Companies that want to know parts are safely stored and in easy reach turn to FIFO as the solution.
Only last week, we emphasised just how important lean principles are for intralogistics. Indeed, there are few other sectors where it is so important to pursue efficiency consistently and at every level. And that is one very good reason to take another look at the special circumstances and continue our journey – with the FIFO method. This method is all about safeguarding material quality, and specifically in storage facilities. If parts are held in storage for too long, numerous problems can arise that do not occur during normal storage, even over long periods of time. This is precisely where the FIFO storage technique comes into play.
What FIFO means
FIFO is an acronym and stands for “first in, first out”. At first glance, the FIFO method seems simple – all the parts that are ordered first are also the first to be taken out of storage and put to use. It is basically no different from the principle that supermarkets use for stacking their shelves. The FIFO process is used in three different instances. Firstly, when one production station works faster than the next one downstream. Secondly, when it is not possible to interlink individual production stages due to technological differences between the processes. And, thirdly, when products are required for several stations.
In all three instances, FIFO defines the sequence of the material flow and a maximum stock level between consecutive processes. It is so important because, when problems are identified, it is easier to trace them back to the place and time of origin and because a predefined maximum stock level will not be exceeded and a fixed sequence is maintained for consumption. Related, but very different systems include LIFO and HIFO. In LIFO (last in, first out) the stored elements are removed in reverse order. Of course, that only makes sense if the relevant parts do not lose value as a result of being in storage. In HIFO (highest in, first out), however, the material that has the highest value is the first to be used.
Using FIFO to tackle material wastage
The principles and concepts of lean production are clear: Material waste of any type is completely contrary to the very core of the Japanese efficiency philosophy. Accordingly, the idea of holding material in storage for as short a period of time as possible fits perfectly with the lean concept. Ultimately, there is no way to guarantee that material will not age, corrode or even get damaged. What’s more, when using a “classic” or even random approach to storage, personnel can’t even see whether parts towards the back are showing signs of these changes. When applying FIFO, issues like these are consigned to the past.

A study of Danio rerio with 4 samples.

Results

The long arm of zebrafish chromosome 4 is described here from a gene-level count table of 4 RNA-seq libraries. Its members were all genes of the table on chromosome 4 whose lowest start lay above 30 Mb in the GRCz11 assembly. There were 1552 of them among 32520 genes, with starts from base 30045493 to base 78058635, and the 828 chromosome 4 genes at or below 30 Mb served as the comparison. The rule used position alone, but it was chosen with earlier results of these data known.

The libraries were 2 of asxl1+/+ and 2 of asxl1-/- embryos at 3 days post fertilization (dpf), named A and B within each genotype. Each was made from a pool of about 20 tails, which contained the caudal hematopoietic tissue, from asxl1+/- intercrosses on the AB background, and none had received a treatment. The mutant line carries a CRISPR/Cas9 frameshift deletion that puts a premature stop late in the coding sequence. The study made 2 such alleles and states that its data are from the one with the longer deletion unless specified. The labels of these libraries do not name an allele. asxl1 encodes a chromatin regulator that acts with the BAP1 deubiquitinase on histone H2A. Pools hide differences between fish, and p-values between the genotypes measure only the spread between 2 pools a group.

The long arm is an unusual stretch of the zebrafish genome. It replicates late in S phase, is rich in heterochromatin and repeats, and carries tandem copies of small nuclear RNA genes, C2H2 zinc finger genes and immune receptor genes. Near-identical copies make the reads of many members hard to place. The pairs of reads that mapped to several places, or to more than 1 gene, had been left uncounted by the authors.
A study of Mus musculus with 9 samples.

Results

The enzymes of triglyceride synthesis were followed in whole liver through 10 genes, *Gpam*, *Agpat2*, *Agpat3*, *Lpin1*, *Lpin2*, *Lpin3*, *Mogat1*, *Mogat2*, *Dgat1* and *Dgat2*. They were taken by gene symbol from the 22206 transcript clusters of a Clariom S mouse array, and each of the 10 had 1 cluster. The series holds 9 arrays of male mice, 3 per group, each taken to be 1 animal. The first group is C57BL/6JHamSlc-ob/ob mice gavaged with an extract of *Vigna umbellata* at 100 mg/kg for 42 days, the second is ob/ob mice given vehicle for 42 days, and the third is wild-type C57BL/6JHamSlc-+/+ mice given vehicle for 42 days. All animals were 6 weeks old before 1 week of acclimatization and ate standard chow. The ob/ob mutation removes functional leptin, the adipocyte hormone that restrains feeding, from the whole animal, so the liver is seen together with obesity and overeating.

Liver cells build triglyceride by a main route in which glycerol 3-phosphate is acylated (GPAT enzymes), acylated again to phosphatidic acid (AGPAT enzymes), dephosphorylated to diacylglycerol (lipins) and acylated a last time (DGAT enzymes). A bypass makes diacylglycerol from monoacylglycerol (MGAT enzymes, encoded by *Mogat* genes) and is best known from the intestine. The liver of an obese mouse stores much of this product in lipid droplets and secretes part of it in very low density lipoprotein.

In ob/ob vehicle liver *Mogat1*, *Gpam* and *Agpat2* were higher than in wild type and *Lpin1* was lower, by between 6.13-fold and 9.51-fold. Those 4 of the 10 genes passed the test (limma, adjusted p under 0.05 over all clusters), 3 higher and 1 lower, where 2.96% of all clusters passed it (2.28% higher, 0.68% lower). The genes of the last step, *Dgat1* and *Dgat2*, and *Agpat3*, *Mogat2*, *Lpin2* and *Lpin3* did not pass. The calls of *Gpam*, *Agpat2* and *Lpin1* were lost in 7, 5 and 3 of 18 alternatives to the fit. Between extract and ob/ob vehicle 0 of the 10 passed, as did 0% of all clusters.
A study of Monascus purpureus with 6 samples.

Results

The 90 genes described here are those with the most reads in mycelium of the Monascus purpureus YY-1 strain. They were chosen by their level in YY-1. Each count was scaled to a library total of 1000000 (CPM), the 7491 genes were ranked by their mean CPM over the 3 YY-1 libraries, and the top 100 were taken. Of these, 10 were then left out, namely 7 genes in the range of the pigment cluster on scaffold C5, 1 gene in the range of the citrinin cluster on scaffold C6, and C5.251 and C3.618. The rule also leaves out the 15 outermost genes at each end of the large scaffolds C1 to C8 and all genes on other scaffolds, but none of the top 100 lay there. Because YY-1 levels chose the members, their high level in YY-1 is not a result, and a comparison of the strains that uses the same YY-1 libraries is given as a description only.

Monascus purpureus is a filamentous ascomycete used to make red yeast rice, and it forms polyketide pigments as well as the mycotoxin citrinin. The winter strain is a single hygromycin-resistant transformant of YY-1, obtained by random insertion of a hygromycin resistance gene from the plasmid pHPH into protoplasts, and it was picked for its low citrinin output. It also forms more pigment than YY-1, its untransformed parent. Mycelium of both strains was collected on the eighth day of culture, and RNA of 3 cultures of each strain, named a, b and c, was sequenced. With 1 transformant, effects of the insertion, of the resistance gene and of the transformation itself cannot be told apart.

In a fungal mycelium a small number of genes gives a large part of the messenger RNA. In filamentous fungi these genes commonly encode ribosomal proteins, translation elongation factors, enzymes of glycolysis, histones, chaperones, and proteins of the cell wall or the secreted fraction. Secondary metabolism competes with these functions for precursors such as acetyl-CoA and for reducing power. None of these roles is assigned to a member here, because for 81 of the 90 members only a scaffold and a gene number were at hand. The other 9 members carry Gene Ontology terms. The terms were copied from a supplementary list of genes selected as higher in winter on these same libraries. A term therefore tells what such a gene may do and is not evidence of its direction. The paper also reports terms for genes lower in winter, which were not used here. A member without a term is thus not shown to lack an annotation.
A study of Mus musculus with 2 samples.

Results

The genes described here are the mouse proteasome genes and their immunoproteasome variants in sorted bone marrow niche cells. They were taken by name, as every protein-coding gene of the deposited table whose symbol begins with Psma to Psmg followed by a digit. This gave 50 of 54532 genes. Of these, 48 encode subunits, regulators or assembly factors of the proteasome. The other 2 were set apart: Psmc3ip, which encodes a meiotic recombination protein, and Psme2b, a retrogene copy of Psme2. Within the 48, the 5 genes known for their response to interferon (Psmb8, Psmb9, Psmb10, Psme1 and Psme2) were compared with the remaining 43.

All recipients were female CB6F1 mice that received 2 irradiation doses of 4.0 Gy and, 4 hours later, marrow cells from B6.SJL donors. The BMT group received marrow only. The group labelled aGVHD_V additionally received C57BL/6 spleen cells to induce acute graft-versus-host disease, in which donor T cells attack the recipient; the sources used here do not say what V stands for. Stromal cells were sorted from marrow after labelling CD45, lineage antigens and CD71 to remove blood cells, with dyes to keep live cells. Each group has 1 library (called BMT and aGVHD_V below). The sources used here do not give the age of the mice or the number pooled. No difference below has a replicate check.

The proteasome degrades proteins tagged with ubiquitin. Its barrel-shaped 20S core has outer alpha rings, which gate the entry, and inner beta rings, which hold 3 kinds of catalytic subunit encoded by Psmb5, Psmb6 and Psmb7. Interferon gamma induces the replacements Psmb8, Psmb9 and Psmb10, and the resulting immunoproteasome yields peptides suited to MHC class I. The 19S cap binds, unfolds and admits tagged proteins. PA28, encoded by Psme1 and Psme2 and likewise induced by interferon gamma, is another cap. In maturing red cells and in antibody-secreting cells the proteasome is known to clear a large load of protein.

Diving into FIFO
Companies that want to adopt the FIFO process need state-of-the-art material supply systems that will ensure the new parts can be removed easily in line with FIFO principles. Flow racks that are filled from the rear and emptied from the front are ideal. Our tried-and-tested FIFO transport trolleys offer an excellent example of this process in action. Mounted on castors, these mobile racks can be rolled right up to the work bench, thus also providing a material supply system that satisfies the very latest ergonomic standards. It also helps avoid the third muda (unnecessary movement).
The relevant transport containers are inserted into the trolley at one side and slide down an incline to the removal side, as per the flow rack principle. When a container is removed from the rack, the next one in line slides neatly into place. FIFO racks can also be fitted out with practical Kanban roller conveyors, so that fill levels can be identified at a glance and the rack can be restocked with material in good time.